In the ’90s, during the “heyday of the mall as a cultural symbol and a commercial powerhouse,” an adolescent’s identity was often intimately tied to where they spent their time and money in the shopping center. Each region of the mall had a unique subculture where youth could shop and socialize, enjoy the company of like-minded peers, and revel in a flourishing consumer culture. In shopping malls all across America, you could find the local prepsters at Abercrombie, the high school jocks at Nike or Reebok, and the punks and goths at Hot Topic. Local teens hanging out at the mall, decked out in their latest logo-emblazoned purchases, became the ultimate brand ambassadors for retailers: loyal, passionate, and unpaid. In mall culture, retailers profited off the consumer’s desire to be part of the brand while consumers enjoyed the social shopping experience the retailers provided.
Today, the mall is no longer a cultural force in the United States. Malls across America are closing en masse, caused by a confluence of forces, including “economic downturn, the rise of internet commerce, the decline of the suburbs—even just the opening of newer malls, which cannibalize older ones.” The COVID-19 pandemic has only accelerated these trends. However, as almost every retailer pivots to digital, they must grapple with how to foster the next generation of loyal and passionate customers without the aid of mall culture and the ‘real-life’ communities of unpaid brand ambassadors it helped create.
One way in which online retailers are attempting to uplift revenue by creating the next generation of ardent fans in the digital sphere is by establishing retail membership programs. Unlike retail loyalty programs, which are typically free, retail membership programs convert casual customers into loyal and passionate dues-paying “members,” who pay monthly or annual fees in exchange for special perks like free shipping, early access to merchandise, and exclusive sales. Research shows that loyal customers contribute to a 22% increase in cross-sell revenue and a 13–51% increase in up-sell revenue. The highly regarded loyalty program of Sephora, which boasts 17 million members in North America, contributes to 80% of the company’s sales.
The premier retail membership program is Amazon Prime. This hugely popular program charges customers $12.99 a month in exchange for free one-day and two-day shipping on millions of items and includes other benefits. For Amazon, the surge of revenue provided by Prime customers far outweighs the cost of free shipping. A recent poll found that Amazon Prime members spend “an average of 1,400 US dollars on the online shopping platform every year, compared to 600 US dollars spending of non-Prime members.” In addition, the Amazon Prime case study illustrates that, when successful, retail membership programs “boost engagement, increase retention, and encourage brand advocacy.” The rest, of course, is history—through its pioneering retail membership program, Amazon has built a legion of loyal consumers while becoming the “largest and most successful retailer in the western world.”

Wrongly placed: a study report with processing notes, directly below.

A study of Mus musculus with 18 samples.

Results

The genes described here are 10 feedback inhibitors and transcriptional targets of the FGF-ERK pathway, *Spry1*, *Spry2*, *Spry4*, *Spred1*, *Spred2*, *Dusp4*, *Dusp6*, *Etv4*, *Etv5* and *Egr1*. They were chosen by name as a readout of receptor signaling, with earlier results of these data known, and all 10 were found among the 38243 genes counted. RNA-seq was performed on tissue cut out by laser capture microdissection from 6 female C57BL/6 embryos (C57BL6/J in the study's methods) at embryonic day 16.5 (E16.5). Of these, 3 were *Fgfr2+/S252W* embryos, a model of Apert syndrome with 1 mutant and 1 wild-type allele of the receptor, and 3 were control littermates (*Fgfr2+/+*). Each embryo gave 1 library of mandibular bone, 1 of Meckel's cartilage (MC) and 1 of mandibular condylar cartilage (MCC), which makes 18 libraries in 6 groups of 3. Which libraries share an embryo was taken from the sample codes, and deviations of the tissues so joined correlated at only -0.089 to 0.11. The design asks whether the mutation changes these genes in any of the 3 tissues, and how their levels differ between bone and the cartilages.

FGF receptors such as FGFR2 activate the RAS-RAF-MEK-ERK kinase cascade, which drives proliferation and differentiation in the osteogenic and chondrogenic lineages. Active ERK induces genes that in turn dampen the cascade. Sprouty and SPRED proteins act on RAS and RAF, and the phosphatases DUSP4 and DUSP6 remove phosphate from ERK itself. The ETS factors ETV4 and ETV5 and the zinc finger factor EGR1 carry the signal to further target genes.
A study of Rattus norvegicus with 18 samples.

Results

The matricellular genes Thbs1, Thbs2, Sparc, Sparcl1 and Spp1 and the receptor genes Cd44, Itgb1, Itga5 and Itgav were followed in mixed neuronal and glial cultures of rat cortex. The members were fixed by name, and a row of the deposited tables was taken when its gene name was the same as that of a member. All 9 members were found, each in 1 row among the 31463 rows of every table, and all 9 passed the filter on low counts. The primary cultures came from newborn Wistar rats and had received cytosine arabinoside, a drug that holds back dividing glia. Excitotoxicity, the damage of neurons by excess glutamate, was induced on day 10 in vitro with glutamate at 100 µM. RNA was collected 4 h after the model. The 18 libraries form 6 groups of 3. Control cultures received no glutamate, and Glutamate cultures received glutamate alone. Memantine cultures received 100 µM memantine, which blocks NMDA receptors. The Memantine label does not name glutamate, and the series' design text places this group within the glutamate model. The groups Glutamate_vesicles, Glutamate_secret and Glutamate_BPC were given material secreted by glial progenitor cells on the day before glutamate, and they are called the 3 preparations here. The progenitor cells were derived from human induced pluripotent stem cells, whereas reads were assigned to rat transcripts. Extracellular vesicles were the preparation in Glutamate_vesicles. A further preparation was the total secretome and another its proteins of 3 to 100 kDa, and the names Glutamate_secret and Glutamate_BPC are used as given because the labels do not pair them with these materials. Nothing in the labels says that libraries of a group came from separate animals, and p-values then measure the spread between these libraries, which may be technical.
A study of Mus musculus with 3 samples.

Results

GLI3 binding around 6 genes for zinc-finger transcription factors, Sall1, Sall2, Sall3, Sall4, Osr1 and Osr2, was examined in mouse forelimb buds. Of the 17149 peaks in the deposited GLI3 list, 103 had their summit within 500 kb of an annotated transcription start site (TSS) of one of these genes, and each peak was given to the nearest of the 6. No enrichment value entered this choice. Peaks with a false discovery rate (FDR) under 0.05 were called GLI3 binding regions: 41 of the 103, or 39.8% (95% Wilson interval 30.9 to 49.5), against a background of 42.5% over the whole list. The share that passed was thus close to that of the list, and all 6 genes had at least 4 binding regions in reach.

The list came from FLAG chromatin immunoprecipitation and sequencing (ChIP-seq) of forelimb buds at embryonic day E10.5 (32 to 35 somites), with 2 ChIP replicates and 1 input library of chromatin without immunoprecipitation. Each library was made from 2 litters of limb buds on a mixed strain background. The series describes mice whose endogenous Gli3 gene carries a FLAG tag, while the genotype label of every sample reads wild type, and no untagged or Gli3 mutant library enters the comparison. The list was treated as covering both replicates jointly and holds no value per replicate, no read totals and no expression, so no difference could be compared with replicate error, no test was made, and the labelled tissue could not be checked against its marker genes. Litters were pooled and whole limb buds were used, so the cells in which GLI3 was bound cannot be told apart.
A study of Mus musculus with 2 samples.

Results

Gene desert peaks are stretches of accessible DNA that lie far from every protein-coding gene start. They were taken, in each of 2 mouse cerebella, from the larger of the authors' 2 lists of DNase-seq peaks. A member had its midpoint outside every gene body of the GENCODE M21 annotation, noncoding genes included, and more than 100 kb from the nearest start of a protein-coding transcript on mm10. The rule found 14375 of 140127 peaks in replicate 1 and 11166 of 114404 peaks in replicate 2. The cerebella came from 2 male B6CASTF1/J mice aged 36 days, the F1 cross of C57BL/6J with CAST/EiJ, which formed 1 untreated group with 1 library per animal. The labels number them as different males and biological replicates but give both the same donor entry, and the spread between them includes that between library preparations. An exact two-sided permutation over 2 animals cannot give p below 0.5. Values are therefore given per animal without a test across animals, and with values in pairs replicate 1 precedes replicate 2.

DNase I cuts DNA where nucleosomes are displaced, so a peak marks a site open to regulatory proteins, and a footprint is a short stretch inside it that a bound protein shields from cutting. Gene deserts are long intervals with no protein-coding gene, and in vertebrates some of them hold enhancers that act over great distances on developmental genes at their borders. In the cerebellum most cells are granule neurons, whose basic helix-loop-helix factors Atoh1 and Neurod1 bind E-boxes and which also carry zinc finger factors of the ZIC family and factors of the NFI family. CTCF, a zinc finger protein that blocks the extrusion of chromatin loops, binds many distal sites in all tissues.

Amazon is far from the only retailer that has created a paid retail membership program. Sephora, Restoration Hardware, AMC Theaters, and many other top-tier retailers have followed suit to varying degrees of success. So what makes some retail membership programs more successful than others? According to McKinsey, high engagement levels are a hallmark of a successful retail membership program: “good paid programs have a continuous flywheel of interaction that elevates the program’s value” by turning prospects into customers and then ultimately promoters. To keep the flywheel spinning faster and faster, eliminating friction by creating a smooth and easy onboarding process is paramount.
In order to administer a successful program and create targeted marketing campaigns, retailers must obtain the consumer’s personal information like their name, telephone number, email, and home address. However, with every additional piece of information requested, a consumer’s impatience increases, and abandonment rates surge. A study by Annex Cloud shows that 70% of consumers abandon loyalty program sign-ups because the process is too complex and time-consuming. While the rewards offered by the program must entice the customer in the first place, a frictionless onboarding process clinches the deal.
Prove’s Pre-Fill™ offers a powerful new way to onboard customers quickly and painlessly. Unlike traditional onboarding flows where a customer fills out a form with personal information, Prove Pre-fill reverses the course. It uses Phone-Centric Identity™ techniques to auto-populate forms with personal information from verified data sources and then requests customers to simply confirm it. This new flow drastically reduces the number of keystrokes required to fill out a form (a metric that measures customer fatigue) while preventing identity fraud by stopping bad actors from filling out fraudulent information into the forms.
E-commerce has provided consumers with more options than ever before, making it more challenging for retailers to inspire brand loyalty. Paid membership programs, however, are one way retailers have found success by inspiring customers to return time and time again. A key element to a thriving paid membership program is high engagement rates. To achieve sky-high engagement rates, companies should invest in great incentives and a seamless onboarding process powered by Prove Pre-Fill.